I Never Called it Rape - by Robin Warshaw

Date: Sat, 1 Oct 1994 16:59:55 -0400 (EDT) From: PNEWS

[PNEWS.D] From: Deb Zaccone "Wild-womyn" [Originally from: ug241@freenet.Victoria.BC.CA (Karen Gordon)] (from: I Never Called it Rape - by Robin Warshaw):

The socialized 'deafness' of men toward women, and the likelihood that a man will interpret a situation to have stronger sexual overtones than a woman will - leads to the belief among many men (and some women) in 'justifiable rape', somewhat along the lines of 'justifiable homicide'.

In 'justifiable rape', the victim's behavior is seen as being responsible for triggering the man's action. Although there is no legal concept as there is in 'justifiable homicide', the idea of 'justifiable rape' influences the opinions of everyone from the rape victim's own family to the jury who may sit in judgment of her attacker.

Recent studies show that men believe date rape is more justifiable if one of these circumstances occurs:

: the woman invites the man out on the date : the man pays for the date : she dresses 'suggestively' : they go to his place rather than to a movie : she drinks alcohol or does drugs

Men with traditional attitudes toward women rate these situations as justifying rape significantly more often than do men who hold nontraditional attitudes.

The research also shows that many times men will feel 'led on' while women will not have the slightest clue that their actions are being interpreted as sexual.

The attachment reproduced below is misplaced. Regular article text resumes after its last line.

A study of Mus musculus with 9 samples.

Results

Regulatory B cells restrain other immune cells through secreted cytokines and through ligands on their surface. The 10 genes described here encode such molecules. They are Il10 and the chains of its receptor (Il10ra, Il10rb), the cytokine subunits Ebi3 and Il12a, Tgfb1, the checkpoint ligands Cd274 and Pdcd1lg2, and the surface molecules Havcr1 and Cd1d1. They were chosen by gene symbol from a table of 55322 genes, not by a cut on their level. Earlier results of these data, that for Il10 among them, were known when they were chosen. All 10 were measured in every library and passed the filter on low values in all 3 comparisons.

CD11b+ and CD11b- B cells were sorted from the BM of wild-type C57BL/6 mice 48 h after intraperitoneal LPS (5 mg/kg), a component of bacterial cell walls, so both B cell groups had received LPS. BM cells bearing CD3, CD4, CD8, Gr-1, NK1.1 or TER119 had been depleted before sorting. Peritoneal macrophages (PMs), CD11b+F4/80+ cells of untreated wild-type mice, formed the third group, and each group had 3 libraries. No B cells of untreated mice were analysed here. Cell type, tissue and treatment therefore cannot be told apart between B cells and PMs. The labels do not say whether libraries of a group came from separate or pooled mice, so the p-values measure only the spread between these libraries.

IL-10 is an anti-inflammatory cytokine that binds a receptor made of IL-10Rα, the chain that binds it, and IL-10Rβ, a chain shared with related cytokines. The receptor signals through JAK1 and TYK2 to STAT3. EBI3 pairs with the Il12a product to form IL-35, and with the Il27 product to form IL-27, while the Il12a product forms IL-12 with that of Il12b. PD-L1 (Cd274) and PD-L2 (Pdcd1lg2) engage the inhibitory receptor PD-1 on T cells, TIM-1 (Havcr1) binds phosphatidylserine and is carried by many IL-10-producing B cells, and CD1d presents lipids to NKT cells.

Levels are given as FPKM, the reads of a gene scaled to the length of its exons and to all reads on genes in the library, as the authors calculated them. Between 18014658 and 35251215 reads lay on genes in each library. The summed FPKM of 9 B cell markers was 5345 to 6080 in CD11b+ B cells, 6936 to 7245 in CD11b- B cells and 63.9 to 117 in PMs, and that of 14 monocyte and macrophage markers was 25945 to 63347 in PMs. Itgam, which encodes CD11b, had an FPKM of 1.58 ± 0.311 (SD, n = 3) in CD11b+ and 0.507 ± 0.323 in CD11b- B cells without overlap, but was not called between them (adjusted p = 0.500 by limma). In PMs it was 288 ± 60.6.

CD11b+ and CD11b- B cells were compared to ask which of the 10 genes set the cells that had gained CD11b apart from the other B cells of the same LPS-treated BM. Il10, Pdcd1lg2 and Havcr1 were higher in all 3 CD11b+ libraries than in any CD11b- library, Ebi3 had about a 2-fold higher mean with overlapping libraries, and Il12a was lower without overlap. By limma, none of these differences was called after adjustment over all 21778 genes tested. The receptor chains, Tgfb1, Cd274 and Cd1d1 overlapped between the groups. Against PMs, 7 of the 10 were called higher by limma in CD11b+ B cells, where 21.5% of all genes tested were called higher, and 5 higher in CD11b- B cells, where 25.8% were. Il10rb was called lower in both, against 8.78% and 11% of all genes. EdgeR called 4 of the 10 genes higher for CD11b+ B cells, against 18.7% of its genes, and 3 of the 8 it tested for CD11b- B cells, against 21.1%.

IN A 1967 study by Purdue's Eugene Kanin, sexually aggressive college men said they believed their aggression was justified if the woman was 'a tease'. A 1979 survey of California high school boys showed 54% thought rape was justifiable if the girl 'leads a boy on'.

In a study exploring correlations between people who rated rape as justifiable under certain circumstances and people who actually were involved in sexually aggressive incidents, Texas A&M's Muehlenhard found that men were much more likely than women to say that the woman had hinted before- hand that she wanted the man to ask her out.

When she looked at just those subjects whose dates involved sexual aggression, Muehlenhard saw this difference in high relief:

60% of men reported that the woman had hinted she was interested in dating him; only 16% of the women said they had so hinted.

Those men clearly felt 'led on' by the women who refused them sex, a feeling which many of them may have regarded as justification for committing rape.

Go Back to Shy David's Sexual Assault Page.